Toyota has become the first car manufacturer to use an airless paint atomizer to paint car bodies at its factories in Japan. It is part of the automotive manufacturer’s drive to develop techniques that are faster, more innovative and more efficient for the production of cars. Toyota also claims that the use of the new technology causes less pollution.
Toyota says that it has managed to achieve over 95 percent coating efficiency by using this technology. This means that more than 95 percent of the paint used actually sticks to the body as compared to the 60 to 70 percent efficiency when using conventional paint atomizers which use air. According to Toyota, in addition to making the process of painting cars more efficient, the technique could potentially reduce the Toyota Group’s carbon dioxide emissions by about 7 percent.
When compared to a normal paint atomizer, the machine arms for the airless paint atomizer look similar, but the small parts that distribute the paint at the tip of the gun are quite different. The airless atomizer comes with a rotating tip that creates centrifugal force when spinning. This tip has about 600 grooves which direct the paint. Once the tip is in action, it draws the paint into the grooves while creating an electrostatic umbrella directed towards the car. The paint oozes through the grooves, thus forming into tiny dots, and is drawn onto the body of the car making the painting process more accurate.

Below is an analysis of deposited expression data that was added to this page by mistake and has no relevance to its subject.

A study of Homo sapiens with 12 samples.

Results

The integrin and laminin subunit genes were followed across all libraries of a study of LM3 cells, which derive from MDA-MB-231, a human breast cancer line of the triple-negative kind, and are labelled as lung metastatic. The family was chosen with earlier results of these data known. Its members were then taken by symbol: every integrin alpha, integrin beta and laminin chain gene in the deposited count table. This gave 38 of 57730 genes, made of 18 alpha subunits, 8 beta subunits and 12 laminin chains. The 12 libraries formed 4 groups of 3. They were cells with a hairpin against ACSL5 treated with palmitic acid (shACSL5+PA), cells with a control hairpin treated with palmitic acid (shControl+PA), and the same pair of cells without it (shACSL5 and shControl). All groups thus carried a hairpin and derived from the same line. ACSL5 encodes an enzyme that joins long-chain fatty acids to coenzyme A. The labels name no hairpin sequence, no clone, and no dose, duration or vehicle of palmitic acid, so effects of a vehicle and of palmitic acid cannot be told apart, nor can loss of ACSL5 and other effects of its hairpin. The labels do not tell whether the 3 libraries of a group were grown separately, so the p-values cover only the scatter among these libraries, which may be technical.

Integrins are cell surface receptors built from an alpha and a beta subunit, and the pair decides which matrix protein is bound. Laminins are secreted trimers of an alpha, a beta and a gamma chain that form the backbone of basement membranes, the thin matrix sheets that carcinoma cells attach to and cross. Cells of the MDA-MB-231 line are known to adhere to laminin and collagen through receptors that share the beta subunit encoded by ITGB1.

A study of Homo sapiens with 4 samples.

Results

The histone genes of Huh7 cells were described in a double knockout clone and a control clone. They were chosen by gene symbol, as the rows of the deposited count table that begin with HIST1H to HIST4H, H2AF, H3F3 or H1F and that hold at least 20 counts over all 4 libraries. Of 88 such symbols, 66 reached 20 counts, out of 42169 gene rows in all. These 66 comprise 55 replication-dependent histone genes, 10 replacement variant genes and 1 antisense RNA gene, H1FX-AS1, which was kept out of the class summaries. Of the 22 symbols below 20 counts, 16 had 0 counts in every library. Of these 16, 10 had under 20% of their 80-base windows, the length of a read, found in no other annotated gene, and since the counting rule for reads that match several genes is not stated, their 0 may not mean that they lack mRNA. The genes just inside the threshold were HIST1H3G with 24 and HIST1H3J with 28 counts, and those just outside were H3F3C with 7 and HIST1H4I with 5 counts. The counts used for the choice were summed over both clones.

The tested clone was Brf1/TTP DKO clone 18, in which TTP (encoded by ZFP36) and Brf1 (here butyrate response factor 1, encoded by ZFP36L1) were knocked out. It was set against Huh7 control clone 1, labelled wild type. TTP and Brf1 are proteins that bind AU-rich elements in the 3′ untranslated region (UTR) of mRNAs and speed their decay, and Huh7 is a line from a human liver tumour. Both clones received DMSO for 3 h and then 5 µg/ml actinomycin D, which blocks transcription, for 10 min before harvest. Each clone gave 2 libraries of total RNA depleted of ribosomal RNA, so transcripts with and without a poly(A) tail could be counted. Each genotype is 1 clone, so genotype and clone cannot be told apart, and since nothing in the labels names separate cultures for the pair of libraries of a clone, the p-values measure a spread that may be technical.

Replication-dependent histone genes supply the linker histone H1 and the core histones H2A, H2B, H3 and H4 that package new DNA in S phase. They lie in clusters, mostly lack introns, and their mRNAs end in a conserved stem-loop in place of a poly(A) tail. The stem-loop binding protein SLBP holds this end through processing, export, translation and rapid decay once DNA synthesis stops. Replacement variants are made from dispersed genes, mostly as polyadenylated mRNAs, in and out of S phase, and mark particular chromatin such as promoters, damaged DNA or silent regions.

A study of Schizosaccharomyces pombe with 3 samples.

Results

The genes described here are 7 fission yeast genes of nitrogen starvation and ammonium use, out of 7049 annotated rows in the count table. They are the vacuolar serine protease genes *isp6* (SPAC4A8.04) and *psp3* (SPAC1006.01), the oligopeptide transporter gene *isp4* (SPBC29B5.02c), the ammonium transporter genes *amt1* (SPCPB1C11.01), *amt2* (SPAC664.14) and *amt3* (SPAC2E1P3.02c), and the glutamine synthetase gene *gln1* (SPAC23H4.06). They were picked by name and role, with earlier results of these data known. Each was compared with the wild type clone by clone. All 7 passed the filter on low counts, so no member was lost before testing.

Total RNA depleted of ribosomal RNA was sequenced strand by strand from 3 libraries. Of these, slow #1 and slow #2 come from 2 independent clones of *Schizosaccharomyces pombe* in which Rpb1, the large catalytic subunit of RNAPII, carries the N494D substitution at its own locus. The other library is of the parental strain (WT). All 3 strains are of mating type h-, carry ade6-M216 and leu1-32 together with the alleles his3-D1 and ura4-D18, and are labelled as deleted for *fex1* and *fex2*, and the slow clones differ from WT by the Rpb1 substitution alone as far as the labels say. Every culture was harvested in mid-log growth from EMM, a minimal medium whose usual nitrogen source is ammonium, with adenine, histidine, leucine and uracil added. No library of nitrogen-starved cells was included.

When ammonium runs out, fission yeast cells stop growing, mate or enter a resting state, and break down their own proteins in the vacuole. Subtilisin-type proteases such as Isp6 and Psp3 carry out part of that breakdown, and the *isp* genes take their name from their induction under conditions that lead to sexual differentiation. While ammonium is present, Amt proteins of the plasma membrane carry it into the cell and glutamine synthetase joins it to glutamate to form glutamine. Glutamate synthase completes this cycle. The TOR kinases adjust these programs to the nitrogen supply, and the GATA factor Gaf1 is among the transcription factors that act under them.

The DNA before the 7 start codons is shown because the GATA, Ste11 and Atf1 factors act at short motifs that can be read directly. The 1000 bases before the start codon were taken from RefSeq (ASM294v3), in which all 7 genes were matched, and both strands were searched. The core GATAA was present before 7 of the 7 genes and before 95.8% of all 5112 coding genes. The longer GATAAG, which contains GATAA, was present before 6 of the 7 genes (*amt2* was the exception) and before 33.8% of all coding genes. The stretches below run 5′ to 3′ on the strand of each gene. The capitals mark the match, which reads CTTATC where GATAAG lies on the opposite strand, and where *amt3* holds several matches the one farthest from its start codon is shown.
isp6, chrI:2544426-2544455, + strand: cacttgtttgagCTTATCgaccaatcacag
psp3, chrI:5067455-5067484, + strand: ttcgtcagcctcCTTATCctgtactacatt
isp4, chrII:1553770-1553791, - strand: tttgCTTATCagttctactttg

When air is used, the paint is basically thrown at the body of the car and a lot of paint is lost to rebound while some of the paint sticks.
One possible issue with this kind of painting process is that the car bodies are uneven by nature. When the distance between the nozzle of the paint gun and the body fluctuates, it is not easy to maintain a steady electrical current.
Toyota tried to get around this by engineering its atomizer to monitor the variations and automatically adjust the current so that flow is more even. The spray gun maintains about 3.9 inches of distance between the tip and the car body to ensure that the paint particles are evenly distributed and sized.
Currently, Toyota is using this technology at plants in Takaoka and Tsutsumi, but it is expected that this technology will eventually be used at all its plants across the globe. Toyota is also considering the option of licensing the technology to other companies.
Manju Mathew, an MBA in marketing, completed publisher training courses from the Oxford Brookes University and New York University. She started with marketing and PR roles before moving on to her current position as a full time writer. Currently living in Dubai, her life as an expat has sharpened her observation skills and flair for writing. She enjoys writing about luxury cars like Ferrari, Lamborghini, etc even if she can only dream of owning them.